The next mark-moving round of USDA reports will be here on Tuesday, June 30. USDA will release its annual Acreage and quarterly Grain Stocks reports on Tuesday, June 30 at 11 a.m. CDT.
“The acreage numbers are typically the big headline items in the June 30 report,” says Joe Vaclavik, founder and president of Standard Grain. “Still, we’ve seen the quarterly stocks numbers surprise the trade frequently. Either set of numbers has the potential to be a market mover.”
To recap, USDA released the following 2020 acreage estimates in its March Prospective Plantings report:
- Corn: 97 million acres
- Soybeans: 83.5 million acres
- All Wheat: 44.7 million acres
- Cotton: 13.7 million acres
“We got off to a quick start in planting corn,” says Ted Seifried, chief ag market strategist with Zaner Ag Hedge. “Generally, when we do that, we get close to or sometimes beat that intentions number. I don’t know if that will be the case this year.”
Seifried expects to see corn acres drop to 94.5 million and soybean acres increase to about 84.5 million. A drop in corn acres would be a positive for the markets, he says.
“If we see a Grain Stocks number that shows a mountain of corn and we have a tremendous amount of corn planted, it could be a wet blanket on the market,” Seifried says.
USDA increases corn acres from March to June more often than not, Vaclavik notes.
“While I don’t believe an increase is coming, corn acreage could be larger than what many traders believe,” he says.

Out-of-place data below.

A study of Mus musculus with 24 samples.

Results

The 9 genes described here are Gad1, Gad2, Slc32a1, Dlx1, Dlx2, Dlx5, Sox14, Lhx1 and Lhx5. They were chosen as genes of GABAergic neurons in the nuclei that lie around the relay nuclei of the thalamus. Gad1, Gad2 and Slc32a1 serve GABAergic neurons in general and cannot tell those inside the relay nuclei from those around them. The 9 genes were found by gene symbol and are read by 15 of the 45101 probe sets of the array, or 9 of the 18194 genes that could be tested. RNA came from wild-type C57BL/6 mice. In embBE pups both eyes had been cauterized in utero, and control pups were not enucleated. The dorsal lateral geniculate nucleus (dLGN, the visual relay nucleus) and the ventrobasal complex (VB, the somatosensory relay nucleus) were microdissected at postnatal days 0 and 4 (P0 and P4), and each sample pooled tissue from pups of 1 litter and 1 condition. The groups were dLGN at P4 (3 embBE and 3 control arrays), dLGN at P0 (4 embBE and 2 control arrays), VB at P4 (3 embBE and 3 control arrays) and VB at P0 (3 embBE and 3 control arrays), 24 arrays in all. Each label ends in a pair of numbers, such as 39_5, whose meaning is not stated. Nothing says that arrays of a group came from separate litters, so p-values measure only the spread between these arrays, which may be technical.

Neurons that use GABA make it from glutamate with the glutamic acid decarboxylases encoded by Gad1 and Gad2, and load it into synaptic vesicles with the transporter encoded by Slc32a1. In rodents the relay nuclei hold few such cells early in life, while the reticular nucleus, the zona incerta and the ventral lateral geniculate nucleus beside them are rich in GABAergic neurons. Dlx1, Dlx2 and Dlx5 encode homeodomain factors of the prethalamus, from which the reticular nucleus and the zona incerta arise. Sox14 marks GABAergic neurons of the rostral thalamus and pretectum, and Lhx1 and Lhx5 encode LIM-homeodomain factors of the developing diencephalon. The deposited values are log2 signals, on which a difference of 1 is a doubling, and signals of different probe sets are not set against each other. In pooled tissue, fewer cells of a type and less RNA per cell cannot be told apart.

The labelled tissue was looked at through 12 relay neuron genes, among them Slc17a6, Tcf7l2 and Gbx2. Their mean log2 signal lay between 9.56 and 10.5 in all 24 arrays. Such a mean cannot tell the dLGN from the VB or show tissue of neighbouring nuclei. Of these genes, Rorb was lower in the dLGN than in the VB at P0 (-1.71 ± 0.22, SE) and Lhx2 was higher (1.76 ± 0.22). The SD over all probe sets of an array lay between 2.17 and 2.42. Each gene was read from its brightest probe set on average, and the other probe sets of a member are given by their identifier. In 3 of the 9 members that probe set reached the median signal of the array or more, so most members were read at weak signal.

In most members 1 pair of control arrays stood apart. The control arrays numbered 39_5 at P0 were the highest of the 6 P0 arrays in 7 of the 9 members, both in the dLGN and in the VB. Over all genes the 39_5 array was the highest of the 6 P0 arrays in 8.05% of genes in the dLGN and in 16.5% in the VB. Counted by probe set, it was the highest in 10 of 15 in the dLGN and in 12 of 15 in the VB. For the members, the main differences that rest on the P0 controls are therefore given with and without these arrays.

“There are a lot of unknowns in this report,” adds Mike Lung, a broker with Allendale Inc. “Hopefully this the one that gives us some market direction.”
Allendale expects the following numbers for Tuesday’s reports:
- Corn acres to drop by 1.672 million to 95.318 million
- Soybean acres to increase by 1.244 million to 84.754 million
- Wheat acres to increase 364,000 to 45.019 million.
- Corn stocks at 4.849 billion bushels versus last year's 5.202 billion bushels
- Soybean stocks at 1.403 billion bushels versus last year's 1.783 billion bushels
- Wheat stocks at 984 million bushels (final stocks) versus 978 million bushels from USDA on May 12, 2020.
The Biggest Story in Grains
This report will provide some key information on both the size of the 2019 and 2020 corn and soybean crops. But Vaclavik says farmers should keep their eyes on another key market mover.
“The loss of demand for corn via the ethanol industry is the biggest story this year,” he says. “I don’t believe anything could top the ethanol story between now and the end of 2020.”